Moldova receives new aid to face 'dramatic energy crisis'


Published: 2022-11-22 13:02

Last Updated: 2023-09-26 12:17

Moldova receives new aid to face 'dramatic energy crisis'
Moldova receives new aid to face 'dramatic energy crisis'

Moldova President Maia Sandu warned Monday her country faced a "dramatic energy crisis" this winter due to the war in Ukraine as dozens of mostly Western countries pledged extra money to help the small pro-EU democracy.

The former Soviet state wedged between Ukraine and Romania has seen its gas deliveries from Russia slashed in half and its regular electricity imports dry up.

"We face a dramatic energy crisis, a shrinking economy and extremely high inflation of 35 percent, a level we haven't seen since 1999," Sandu told reporters at a donor conference in Paris.

Like many former Soviet territories, the country is the backdrop to a tug-of-war between pro-Russian and pro-Western political currents, with Sandu's government firmly in the latter category.

The country applied to join the European Union just after Russia invaded Ukraine in February and Monday's conference underlined the desire by Western nations to keep it in the EU's orbit -- rather than Moscow's.

Harvard-educated Sandu, 50, said Russia was continuing a "hybrid war" against her country of 2.6 million people that included energy cuts and the funding of anti-government protest groups.

"Such actions are retribution for Moldova's condemnation of the war, for our standing with Ukraine and our European choice," she added.

Two previous donor conferences for Moldova in March and July saw nearly 1.3 billion euros (dollars) pledged to the country, but the government estimates it needs another 1.1 billion euros to get through the winter.

France pledged another 100 million euros on Monday, while Romania offered 30 million euros.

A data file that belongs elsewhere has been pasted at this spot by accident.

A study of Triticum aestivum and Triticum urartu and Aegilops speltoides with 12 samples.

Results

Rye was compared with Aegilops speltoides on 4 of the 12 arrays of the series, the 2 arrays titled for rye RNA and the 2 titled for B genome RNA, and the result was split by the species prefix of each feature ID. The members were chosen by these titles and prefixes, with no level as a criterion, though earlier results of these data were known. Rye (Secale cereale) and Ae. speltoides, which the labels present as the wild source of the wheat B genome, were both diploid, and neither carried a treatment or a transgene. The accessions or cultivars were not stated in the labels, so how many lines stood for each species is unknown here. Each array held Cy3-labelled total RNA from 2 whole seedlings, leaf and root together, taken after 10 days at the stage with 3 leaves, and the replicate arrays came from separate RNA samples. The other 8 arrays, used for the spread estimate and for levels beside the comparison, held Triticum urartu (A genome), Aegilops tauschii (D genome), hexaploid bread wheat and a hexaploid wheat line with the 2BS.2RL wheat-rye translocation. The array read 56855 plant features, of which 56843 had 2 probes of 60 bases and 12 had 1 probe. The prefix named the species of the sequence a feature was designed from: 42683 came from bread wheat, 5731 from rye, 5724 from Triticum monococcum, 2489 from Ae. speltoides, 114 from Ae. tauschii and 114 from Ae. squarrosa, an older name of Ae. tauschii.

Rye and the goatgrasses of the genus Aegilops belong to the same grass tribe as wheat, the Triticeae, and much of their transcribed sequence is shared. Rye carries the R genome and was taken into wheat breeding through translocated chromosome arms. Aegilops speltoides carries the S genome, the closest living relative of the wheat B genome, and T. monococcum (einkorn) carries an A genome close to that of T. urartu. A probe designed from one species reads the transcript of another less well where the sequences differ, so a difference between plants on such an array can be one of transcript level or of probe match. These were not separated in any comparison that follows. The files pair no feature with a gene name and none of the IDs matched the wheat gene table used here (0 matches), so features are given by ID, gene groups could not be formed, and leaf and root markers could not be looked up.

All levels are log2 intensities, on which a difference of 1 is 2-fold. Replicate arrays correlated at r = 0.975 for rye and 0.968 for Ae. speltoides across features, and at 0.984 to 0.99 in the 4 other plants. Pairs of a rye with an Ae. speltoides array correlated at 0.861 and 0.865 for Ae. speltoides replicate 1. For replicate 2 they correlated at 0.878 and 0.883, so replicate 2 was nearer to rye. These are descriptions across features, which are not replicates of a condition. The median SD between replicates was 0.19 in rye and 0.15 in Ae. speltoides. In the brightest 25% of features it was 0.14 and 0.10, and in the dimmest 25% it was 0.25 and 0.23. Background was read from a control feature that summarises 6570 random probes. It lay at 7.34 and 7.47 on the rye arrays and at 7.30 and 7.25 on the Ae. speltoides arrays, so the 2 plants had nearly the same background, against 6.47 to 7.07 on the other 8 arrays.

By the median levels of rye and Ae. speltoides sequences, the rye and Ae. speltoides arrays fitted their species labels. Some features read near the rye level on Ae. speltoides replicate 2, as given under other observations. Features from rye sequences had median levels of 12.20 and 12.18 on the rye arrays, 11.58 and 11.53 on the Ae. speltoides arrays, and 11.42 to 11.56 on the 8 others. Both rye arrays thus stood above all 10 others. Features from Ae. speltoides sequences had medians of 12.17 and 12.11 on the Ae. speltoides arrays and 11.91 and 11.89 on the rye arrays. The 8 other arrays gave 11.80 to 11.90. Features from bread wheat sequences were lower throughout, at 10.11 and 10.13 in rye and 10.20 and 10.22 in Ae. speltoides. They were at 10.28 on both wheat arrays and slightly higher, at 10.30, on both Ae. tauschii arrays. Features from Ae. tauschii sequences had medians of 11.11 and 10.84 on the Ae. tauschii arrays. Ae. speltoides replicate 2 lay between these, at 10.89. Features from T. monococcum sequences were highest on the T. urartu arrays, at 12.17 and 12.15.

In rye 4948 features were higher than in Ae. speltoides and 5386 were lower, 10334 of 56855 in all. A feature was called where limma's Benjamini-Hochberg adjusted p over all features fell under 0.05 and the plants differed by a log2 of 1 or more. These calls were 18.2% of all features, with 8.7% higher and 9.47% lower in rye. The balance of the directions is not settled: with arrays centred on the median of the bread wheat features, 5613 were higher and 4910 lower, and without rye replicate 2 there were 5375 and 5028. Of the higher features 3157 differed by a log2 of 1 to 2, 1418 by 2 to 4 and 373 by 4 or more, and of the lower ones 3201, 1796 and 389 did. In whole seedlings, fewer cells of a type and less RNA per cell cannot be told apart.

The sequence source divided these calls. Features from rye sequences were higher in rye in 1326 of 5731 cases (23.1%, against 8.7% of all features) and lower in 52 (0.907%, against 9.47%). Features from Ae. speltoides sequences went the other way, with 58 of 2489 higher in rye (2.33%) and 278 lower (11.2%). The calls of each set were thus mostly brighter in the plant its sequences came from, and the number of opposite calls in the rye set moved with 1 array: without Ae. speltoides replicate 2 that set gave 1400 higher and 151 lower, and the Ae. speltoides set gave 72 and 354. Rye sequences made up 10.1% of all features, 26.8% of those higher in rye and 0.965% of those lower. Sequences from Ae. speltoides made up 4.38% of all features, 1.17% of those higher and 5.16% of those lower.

A figure for total pledges from the 34 countries and 15 international institutions is expected later in the day.

"I want to say here that if further significant decisions were needed in the weeks or months ahead, in particular for energy and during the winter, we will be willing to take them," French President Emmanuel Macron told Sandu.

Her government "forces our admiration."

"You have not backed down since the start of the conflict in Ukraine. You have not backed down under pressure," he added.

- Romanian help -

Russian energy giant Gazprom has slashed its gas supplies to Moldova, while the country can no longer rely on Ukraine for electricity imports after repeated Russian air strikes on Ukrainian power infrastructure.

Ukraine previously provided for 30 percent of Moldovan electricity demand, with the remaining 70 percent coming from a thermal power station in Transnistria, a small breakaway region.

Russian-backed separatists there have also cut deliveries to the rest of the country.

EU member Romania has stepped in to sell gas, electricity and firewood to Moldova at reduced prices.

Romanian Foreign Minister Bogdan Aurescu told reporters that Romania had supplied "between 80 and 90 percent" of the country's electricity needs over the last month.

"We will stand by Moldova not only as it goes through this difficult winter, but also as it goes along the path towards being a European Union member," Aurescu told a press conference on Monday.

Moldova was connected to the EU's common power grid in February, enabling it to import electricity from the bloc.

The government has also implemented energy-saving measures that cut gas consumption by 38 percent and electricity by 16 percent last month, Sandu said.

Moldova has welcomed the largest number of Ukrainian refugees relative to its population size, with around 80,000 believed to be in the country.